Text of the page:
Sinus pain and postnasal drip are usually symptoms of sinusitis, which is an inflammation of the sinuses with frequent thick nasal secretions that drip back in the throat when the person lies down. According to the National Institute of Allergy and Infectious Diseases, most sinusitis begins with a cold that eventually leads to a bacterial infection due to trapped nasal secretions. Sinusitis can stretch a cold into weeks of discomfort, coughing and aggravation of existing pulmonary problems such as asthma.
Use a sterile saline nasal spray, available at your local pharmacy. Saline won't irritate the already sore nasal passages and can help clean the nasal discharge that has accumulated. Be sure the nasal spray only contains saline and not medication that can actually cause more pain. If the saline spray isn't effective, talk to your physician about a prescription nasal spray that may be more effective for severe inflammation.
Take a decongestant, available over the counter at your local pharmacy. According to the American Academy of Otolaryngology-Head and Neck Surgery, decongestants help to shrink swollen blood vessels in the sinuses and nasal cavity, relieving pressure that can cause sinus pain. Once the swollen passages decrease in size, nasal secretions can more easily flow out of the nose, rather than being forced to the back of the throat, causing post nasal drip. Take a decongestant according to the manufacturer's directions.
Drink at least 64 oz. of water every day. Thickened nasal secretions move slowly through the nasal passages, especially if the individual isn't fully hydrated. Drinking adequate and even additional water will help to thin the secretions and prevent dehydration that can occur when taking certain medications for sinus problems. Cut back on caffeinated beverages too, because they can force water out of the body faster, leading to thickened nasal secretions.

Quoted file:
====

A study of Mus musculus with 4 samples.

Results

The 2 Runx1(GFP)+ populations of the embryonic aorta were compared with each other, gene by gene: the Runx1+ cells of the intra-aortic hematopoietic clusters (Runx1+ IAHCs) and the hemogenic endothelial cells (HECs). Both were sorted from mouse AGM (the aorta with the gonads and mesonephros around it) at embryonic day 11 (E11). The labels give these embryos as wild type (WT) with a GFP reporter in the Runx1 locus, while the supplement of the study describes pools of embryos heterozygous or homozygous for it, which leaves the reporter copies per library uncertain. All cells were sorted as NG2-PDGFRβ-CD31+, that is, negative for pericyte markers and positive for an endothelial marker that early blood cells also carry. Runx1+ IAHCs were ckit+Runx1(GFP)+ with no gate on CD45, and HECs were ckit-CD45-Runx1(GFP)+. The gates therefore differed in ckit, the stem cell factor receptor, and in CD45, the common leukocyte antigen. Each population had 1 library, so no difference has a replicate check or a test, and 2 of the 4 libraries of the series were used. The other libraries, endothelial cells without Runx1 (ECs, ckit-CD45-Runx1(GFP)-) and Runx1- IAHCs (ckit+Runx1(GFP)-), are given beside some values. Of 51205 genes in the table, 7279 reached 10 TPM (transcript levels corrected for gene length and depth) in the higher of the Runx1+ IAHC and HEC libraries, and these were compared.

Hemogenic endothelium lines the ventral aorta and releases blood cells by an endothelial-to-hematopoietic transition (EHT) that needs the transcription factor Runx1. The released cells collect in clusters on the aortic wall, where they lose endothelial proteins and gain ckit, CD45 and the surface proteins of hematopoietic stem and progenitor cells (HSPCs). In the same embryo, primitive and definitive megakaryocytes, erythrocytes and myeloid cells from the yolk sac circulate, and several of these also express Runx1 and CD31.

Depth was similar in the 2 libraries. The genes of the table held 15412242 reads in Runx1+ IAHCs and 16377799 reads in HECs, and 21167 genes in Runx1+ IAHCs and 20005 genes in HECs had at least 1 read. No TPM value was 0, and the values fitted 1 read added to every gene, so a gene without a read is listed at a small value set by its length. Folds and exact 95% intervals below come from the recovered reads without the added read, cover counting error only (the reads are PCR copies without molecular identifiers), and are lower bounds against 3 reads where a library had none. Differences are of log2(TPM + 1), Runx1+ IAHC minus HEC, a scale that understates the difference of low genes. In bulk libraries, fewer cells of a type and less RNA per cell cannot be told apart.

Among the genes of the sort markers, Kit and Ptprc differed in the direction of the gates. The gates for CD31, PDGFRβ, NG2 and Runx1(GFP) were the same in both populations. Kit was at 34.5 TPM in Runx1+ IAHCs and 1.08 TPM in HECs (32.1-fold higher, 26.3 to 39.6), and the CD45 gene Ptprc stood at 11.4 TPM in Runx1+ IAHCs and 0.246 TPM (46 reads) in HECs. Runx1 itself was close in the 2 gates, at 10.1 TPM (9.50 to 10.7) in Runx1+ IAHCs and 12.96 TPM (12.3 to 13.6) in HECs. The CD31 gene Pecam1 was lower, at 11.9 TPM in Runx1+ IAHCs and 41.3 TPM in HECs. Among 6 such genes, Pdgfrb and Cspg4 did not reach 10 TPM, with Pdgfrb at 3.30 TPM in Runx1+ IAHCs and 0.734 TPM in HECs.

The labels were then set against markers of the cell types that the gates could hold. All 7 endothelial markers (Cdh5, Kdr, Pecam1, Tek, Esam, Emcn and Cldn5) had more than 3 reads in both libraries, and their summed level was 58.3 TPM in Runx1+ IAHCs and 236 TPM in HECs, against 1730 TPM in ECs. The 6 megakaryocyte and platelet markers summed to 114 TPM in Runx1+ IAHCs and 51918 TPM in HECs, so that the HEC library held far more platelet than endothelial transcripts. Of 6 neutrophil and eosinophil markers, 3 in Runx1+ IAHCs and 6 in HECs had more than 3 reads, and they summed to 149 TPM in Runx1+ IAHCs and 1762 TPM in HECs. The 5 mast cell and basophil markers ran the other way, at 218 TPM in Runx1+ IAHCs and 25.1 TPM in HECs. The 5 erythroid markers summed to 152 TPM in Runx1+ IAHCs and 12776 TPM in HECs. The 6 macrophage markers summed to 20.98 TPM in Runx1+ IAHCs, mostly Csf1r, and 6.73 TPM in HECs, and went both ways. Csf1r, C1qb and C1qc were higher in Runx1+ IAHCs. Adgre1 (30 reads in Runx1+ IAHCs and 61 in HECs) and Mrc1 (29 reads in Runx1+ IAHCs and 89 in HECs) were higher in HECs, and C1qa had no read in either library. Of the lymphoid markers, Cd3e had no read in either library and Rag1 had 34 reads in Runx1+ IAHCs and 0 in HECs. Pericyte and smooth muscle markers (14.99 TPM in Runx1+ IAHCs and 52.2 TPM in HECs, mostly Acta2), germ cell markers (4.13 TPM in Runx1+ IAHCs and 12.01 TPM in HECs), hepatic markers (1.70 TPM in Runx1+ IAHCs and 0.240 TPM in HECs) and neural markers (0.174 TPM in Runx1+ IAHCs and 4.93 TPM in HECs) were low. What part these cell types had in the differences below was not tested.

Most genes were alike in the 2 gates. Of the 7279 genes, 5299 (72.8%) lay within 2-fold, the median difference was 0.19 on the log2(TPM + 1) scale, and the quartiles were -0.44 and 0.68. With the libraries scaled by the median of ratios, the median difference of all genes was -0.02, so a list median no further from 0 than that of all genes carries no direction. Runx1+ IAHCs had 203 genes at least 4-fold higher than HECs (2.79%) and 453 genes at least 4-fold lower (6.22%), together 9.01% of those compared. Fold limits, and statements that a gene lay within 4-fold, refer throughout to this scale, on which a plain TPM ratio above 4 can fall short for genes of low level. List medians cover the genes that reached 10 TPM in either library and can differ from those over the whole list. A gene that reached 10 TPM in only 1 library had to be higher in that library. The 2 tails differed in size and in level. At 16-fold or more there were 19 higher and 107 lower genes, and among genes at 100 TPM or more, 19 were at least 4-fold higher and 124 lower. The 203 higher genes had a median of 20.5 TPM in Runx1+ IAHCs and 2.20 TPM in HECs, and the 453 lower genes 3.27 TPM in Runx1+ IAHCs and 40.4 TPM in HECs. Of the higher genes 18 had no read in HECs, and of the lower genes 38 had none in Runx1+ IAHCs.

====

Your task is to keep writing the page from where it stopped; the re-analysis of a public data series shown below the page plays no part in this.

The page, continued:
Take an over-the-counter pain reliever, available at your local pharmacy. Products that contain acetaminophen, naproxen or ibuprofen can relieve sinus pain and sinus headaches. Many over-the-counter products combine a decongestant with a pain reliever, so if you are already taking a decongestant, purchase a product that contains only the pain reliever. Use the product according to the manufacturer's directions. Naproxen and ibuprofen are also anti-inflammatory medications that can help decrease sinus pressure.
Apply a warm compress or heating pad to the forehead and bridge of the nose for 10 minutes twice a day. Using heat on inflamed sinuses can help relieve pressure and inflammation. In addition, heat can thin nasal secretions, helping facilitate their release through the nose. Alternatively, you can hold your face over a container of steaming hot water with a towel held around your head to contain the steam. Steam, too, can help relieve inflammation and thin nasal secretions.
Things You'll Need
Saline nasal spray
Pain reliever or anti-inflammatory
See your doctor if your nasal secretions are yellow or green, which indicates an infection that requires antibiotics.